On Today's Menu -- SOUTH OF CHARM by Elliot Grace
I thought this book was about baseball. It wasn't. It was about human frailty, a ten-year-old's dreams, and unfathomable courage.
Danny Kaufman is a normal kid, with a baby sister, and a loving relationship with his parents until the day his mother finds a Playboy air freshener in his father's truck. On that day his whole life changes.
Watching this boy's life spiral out of control as his family negotiates the unfamiliar and terrifying waters of mental illness got to me. Stuck me right in the heart with an eight inch blade and twisted it until I couldn't stand it anymore. Truthfully, half-way through this book, I had to set it down. (And I never do that.) Danny's pain, along with his father's confusion over his wife's actions, and the stubborness of his mother's religious family tore me apart.
I found myself screaming at Danny's father to take his wife to a doctor. I wanted to slap his mother for torturing her children and husband and for not realizing and accepting that she needed help. I so wanted to take Danny and his sister Katie home with me and keep them safe, hug them and feed them, and just love on 'em enough to make the pain go away.
Of course, this is a book, so I couldn't. But such is the profundity of Elliot's writing. Beautiful, compact, and precise, it leaves no room for misinterpretation. My emotional response to these characters was such that I felt completely helpless. Tears coursed down my cheeks on more than one occasion. I cursed Elliot for writing this. (Sorry El. I really didn't mean it.)
SOUTH OF CHARM is an uncommon read, revealing facets of human endurance beyond the scope of my reality; that a child (children) would have to live in constant fear, that a family would have to live this way is beyond my ken. But such was the period that the book was set. Back then, diagnosis for the mentally ill were almost non-existant. And I must add that some of the actions in this book are hideous to read, and scary to contemplate. It's not for the faint of heart (even if you do read Stephen King on a regular basis.)
When all is finally revealed in the end, you do get a sense of closure for Danny and his family, yet the images Elliot penned will haunt me for a good many years to come. I felt for the characters, as if they were real people. Such is the gift of a master story-teller.
Questions for Elliot --
I have to ask if this is autobiographical in nature? Not to get you to tell any family secrets, but you write Danny's experiences with such first hand knowledge, it's hard to tell what's fact and fiction.
In every book we read, every dysfunctional plot or life altering mishap, the inspiration for that moment was borrowed from memory, an experience that eventually led to a story. Perhaps it was something simple, an oriole fluttering overhead, or the way your next door neighbor limps to the end of his drive in order to fetch the morning paper at the same time every day. Or maybe it was something that changed how we felt about this world we live in. In this case, I was able to hold young Danny's hand and guide him along his journey, having already experienced much of the same during my childhood. As a boy, I saw firsthand the debilitating affects of mental illness, and what it means to perhaps not forget, but to at least forgive. As for those baseball scenes in the story...the trophy still sits atop a shelf in my basement ;)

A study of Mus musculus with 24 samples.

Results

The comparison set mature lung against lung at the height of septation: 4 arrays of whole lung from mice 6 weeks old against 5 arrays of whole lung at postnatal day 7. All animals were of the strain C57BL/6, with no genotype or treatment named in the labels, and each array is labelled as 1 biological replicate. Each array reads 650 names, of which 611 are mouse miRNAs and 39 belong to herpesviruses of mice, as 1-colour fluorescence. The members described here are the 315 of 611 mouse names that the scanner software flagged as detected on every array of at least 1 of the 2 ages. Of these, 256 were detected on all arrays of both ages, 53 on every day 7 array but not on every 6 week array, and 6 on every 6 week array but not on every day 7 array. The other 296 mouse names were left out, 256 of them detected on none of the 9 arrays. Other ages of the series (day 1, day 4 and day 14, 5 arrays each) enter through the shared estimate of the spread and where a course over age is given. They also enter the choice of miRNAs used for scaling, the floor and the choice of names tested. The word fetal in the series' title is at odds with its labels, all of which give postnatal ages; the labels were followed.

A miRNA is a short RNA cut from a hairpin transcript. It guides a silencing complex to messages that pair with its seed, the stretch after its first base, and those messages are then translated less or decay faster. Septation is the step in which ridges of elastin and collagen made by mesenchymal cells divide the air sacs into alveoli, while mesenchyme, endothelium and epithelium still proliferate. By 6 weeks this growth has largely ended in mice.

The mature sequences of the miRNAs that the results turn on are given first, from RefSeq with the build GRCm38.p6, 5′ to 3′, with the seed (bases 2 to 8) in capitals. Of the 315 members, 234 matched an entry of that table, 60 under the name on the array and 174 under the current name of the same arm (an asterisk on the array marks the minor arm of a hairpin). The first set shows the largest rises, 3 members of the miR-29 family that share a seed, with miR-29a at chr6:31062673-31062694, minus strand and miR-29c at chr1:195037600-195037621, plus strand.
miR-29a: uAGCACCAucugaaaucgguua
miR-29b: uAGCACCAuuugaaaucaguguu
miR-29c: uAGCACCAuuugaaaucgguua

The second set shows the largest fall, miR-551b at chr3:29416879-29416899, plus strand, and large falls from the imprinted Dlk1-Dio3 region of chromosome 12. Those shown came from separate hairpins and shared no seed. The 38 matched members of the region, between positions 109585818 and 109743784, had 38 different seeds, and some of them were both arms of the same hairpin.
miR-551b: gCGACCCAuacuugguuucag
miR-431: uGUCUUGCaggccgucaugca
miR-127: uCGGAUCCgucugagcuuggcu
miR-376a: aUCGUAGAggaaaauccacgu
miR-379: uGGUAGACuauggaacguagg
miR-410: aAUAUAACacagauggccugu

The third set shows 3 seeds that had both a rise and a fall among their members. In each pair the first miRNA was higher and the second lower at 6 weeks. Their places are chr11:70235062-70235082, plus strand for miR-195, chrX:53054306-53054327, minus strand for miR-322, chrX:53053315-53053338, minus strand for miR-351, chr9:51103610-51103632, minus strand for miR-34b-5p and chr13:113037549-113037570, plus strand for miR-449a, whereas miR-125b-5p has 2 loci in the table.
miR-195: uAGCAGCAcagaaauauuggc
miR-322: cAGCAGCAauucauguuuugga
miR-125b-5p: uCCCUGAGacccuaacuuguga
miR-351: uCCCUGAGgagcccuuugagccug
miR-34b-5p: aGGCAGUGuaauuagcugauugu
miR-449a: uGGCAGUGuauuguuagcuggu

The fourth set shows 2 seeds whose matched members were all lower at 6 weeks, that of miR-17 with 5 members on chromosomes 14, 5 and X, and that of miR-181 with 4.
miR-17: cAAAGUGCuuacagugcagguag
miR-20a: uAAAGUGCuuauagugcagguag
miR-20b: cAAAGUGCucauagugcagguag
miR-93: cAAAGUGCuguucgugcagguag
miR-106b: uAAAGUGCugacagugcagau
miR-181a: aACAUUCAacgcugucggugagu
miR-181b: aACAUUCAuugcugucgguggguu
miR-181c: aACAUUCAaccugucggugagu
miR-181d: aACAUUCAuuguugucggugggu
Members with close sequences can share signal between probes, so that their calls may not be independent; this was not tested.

I know you have foster kids as well, did any of their experiences end up in the book?
Every child whom my wife and I have accepted into our home, brings with them a best-seller, their very own family trauma. Some have been open about their lives, expressing a need to share some of the horrors they've experienced. Others keep it bottled up, releasing snippets of pain through their grimaces at the dinner table, the remains of tear streaks, long dried, upon their cheeks every morning. For the most part, I'm forbidden to speak on their behalf, many of their cases still hinging on a judge's whim, and therefore was unable to include any of their stories in the book. I'll be closing out my tour with a blog post of one child in particular, however. The one I call The Girl. A young lady whose story will bring the perfect ending to this Charming Endeavor.
Lastly, is the cat real? Or is he simply metaphor?
As for that cat...at my first ever book signing, I found myself enjoying the many interpretations surrounding its occasional presence throughout the story. If memory serves, the majority of readers felt that this mystical feline was indeed a metaphor, representing the boy's guardian angel, or simply his imaginary friend, called upon when needed. Emails have been sent my way, not stating whether they enjoyed the book or not, but demanding more information about the tabby. I think it best to say that perhaps the cat represents something different to each of us. And to each of us, the cat's quite content being exactly that ;)
Thanks so much, Elliot, for the honor and privilege of reading SOUTH OF CHARM.
And what's a tour without prizes along the way...from Elliot...
At month's end, I'll be giving away signed copies of my book, "South of Charm," two $25.00 gift cards from Barnes & Noble, and upon it's highly anticipated release, Stephen King's new thriller, "11/22/63," due out on November 8th.
and to win...
-All my current followers have already earned themselves 1 point.
-Any new followers I meet along the way will be awarded 1 point.
-All who comment on any of my blog stops in October will earn 2 points.
-Anyone who leaves reviews for "South of Charm" on either Amazon or GoodReads will earn 5 points.
-At months end, my most behaved foster child for that particular day will be choosing the winners, (trust me, that's a win/win for the entire family ;)
So good luck and thanks for stopping by.